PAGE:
Texas

10.23.2008
Alan I. LeshnerAlan I. Leshner

Writing in the Houston Chronicle (October 22, 2008), the chief executive officer of the American Association for the Advancement of Science, Alan I. Leshner, deplores the recent appointment of three antievolutionists to a committee charged with reviewing a draft of Texas's state science standards. "The new standards will shape how science education is taught in Texas for the next decade, and it would be a terrible mistake to water down the teaching of evolution in any way," he writes, adding, "At a time when most educators are working to prepare students for 21st century jobs, the board members' action threatens to confuse students, divide communities and tarnish Texas' reputation as an international science and technology center."


"The State Board of Education's decisions in the coming months will affect both the college preparation and future job qualifications of our children. Our students deserve a sound education that includes the latest findings of scientific research and excludes ideas that have failed to stand up to scientific scrutiny." That was the message of the 21st Century Science Coalition's advisory committee -- Daniel I. Bolnick, R. E. Duhrkopf, David M. Hillis, Ben Pierce, and Sahotra Sarkar -- delivered in twin op-eds recently published in two Texas newspapers, the Waco Tribune (October 19, 2008), and the Austin American-Statesman (October 21, 2008).


Three antievolutionists have been appointed to a six-member committee to review the draft set of Texas state science standards, and defenders of the integrity of science education are livid. "The committee was chosen by 12 of the 15 members of the board of education, with each panel member receiving the support of two board members," as the Dallas Morning News (October 16, 2008) explains. Six members of the board "aligned with social conservative groups" chose Stephen C. Meyer, the director of the Discovery Institute's Center for Science and Culture, Ralph Seelke, a biology professor at the University of Wiconsin, Superior, and Charles Garner, a chemistry professor at Baylor University.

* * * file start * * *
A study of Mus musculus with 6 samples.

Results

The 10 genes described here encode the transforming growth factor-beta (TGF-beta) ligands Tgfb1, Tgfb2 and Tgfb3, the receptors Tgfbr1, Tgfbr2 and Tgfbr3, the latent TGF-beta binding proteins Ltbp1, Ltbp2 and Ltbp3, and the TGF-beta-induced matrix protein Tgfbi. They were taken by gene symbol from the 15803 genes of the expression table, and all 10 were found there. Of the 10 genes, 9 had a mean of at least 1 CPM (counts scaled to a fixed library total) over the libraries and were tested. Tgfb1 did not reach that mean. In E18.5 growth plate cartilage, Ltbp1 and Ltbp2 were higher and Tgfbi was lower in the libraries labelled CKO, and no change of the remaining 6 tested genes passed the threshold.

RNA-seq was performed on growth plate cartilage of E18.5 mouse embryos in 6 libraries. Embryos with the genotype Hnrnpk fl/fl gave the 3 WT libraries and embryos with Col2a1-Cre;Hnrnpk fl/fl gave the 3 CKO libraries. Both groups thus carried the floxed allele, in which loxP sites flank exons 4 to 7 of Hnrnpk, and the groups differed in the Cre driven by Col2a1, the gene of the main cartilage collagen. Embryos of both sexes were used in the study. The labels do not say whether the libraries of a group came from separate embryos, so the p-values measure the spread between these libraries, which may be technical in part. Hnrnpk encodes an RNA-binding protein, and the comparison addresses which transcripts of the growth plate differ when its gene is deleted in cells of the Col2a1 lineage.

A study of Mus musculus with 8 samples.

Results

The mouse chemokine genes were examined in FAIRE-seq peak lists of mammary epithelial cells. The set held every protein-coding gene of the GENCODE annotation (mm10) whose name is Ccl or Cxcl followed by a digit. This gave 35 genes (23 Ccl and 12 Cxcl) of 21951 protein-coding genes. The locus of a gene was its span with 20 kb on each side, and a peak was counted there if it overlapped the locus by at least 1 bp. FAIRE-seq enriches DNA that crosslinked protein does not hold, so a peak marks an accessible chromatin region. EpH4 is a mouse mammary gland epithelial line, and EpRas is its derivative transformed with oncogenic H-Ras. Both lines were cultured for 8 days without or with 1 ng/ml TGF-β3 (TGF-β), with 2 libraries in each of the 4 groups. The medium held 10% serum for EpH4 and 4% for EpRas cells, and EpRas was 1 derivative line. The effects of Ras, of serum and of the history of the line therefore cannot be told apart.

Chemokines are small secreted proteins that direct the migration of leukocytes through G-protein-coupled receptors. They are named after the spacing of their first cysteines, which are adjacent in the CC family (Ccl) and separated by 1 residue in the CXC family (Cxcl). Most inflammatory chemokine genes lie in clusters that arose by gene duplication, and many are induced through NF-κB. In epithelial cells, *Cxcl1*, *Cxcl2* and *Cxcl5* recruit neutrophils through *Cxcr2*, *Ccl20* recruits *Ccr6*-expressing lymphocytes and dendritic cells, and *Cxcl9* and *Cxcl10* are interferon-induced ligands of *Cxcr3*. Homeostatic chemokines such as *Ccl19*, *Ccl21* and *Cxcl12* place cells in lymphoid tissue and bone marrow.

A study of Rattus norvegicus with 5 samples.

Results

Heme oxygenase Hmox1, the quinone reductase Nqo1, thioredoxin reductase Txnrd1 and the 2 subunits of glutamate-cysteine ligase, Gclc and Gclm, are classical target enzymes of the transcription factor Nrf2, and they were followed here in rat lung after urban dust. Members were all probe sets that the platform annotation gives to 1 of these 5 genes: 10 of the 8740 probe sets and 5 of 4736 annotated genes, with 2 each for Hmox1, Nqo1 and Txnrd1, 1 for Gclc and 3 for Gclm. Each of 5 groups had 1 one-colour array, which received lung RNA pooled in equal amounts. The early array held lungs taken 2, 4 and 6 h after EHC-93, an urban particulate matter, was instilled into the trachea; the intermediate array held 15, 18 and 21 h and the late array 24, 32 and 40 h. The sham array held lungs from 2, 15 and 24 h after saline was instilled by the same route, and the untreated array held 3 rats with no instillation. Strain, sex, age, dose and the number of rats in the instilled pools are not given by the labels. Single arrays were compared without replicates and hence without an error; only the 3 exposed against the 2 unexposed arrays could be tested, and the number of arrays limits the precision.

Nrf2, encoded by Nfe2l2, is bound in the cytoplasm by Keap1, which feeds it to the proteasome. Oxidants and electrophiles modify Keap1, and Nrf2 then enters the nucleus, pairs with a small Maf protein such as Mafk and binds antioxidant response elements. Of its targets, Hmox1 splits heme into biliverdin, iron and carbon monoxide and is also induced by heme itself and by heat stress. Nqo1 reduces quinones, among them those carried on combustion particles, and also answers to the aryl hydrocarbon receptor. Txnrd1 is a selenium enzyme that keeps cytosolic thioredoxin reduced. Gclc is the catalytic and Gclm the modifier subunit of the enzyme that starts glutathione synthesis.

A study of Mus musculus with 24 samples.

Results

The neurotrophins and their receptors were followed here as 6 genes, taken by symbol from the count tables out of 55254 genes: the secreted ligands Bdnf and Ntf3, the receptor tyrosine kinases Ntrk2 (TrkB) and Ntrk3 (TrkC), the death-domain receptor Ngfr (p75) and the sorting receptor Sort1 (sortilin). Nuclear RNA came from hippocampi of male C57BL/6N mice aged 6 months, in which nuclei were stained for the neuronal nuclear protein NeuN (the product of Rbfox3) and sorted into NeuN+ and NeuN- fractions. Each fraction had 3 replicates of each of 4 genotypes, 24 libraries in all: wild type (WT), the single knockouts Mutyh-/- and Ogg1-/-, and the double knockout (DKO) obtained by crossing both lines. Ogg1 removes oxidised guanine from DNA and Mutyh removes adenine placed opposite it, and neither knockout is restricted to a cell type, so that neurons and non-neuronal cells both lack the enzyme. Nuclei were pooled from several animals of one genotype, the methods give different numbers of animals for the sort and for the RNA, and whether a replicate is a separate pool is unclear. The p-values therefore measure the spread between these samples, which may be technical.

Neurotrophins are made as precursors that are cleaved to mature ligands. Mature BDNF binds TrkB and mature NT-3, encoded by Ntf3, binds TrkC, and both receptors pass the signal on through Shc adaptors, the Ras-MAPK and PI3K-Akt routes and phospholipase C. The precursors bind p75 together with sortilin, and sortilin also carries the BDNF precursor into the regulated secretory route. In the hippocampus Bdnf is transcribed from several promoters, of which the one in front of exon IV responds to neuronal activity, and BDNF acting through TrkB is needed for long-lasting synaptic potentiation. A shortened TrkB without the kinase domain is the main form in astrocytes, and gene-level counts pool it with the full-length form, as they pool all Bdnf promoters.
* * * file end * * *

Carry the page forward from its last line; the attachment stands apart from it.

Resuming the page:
Texas's newspapers are beginning to express their editorial support of the draft set of science standards, released by the Texas Education Agency on September 22, 2008, and applauded for their treatment of evolution by the Texas Freedom Network, Texas Citizens for Science, and the newly formed 21st Century Science Coalition.


A new coalition of Texas scientists voiced its opposition to attempts to dilute the treatment of evolution in Texas's state science standards, which are presently undergoing revision. At a news conference in Austin on September 30, 2008, representatives of the 21st Century Science Coalition challenged the idea that students should be told that there are "weaknesses" in evolution.


The Texas Education Agency released proposed drafts of the state's science education standards on September 22, 2008.
texas A recent article in the Fort Worth Weekly (August 3, 2008) warns of the impending battle over the place of evolution in Texas's state science standards. "The basic fight is expected to be over what kids are taught about evolution -- which takes up only about three days of teaching in a 180-day school year," Laurie Barker James writes.

As NCSE previously reported, Chris Comer, the former director of science at the Texas Education Agency who was forced to resign over a dispute involving "intelligent design" creationism, filed suit in federal court, seeking an injunction against TEA's "policy of neutrality with respect to the teaching of creationism in the Texas public schools." The Dallas Morning News (July 3, 2008)


Chris Comer, the Director of Science at the Texas Education Agency (TEA) who was forced to resign over a dispute involving intelligent design, has filed suit in Federal District Court for redress.


In the wake of the June 4, 2008, report in The New York Times on the impending struggle over the presence of "strengths and weaknesses" language in the Texas state science standards, the Times addressed the issue editorially, writing (June 7, 2008), "The Texas State Board of Education is again considering a science curriculum that teaches the 'strengths and weaknesses' of evolution, setting an example that several other states are likely to follow.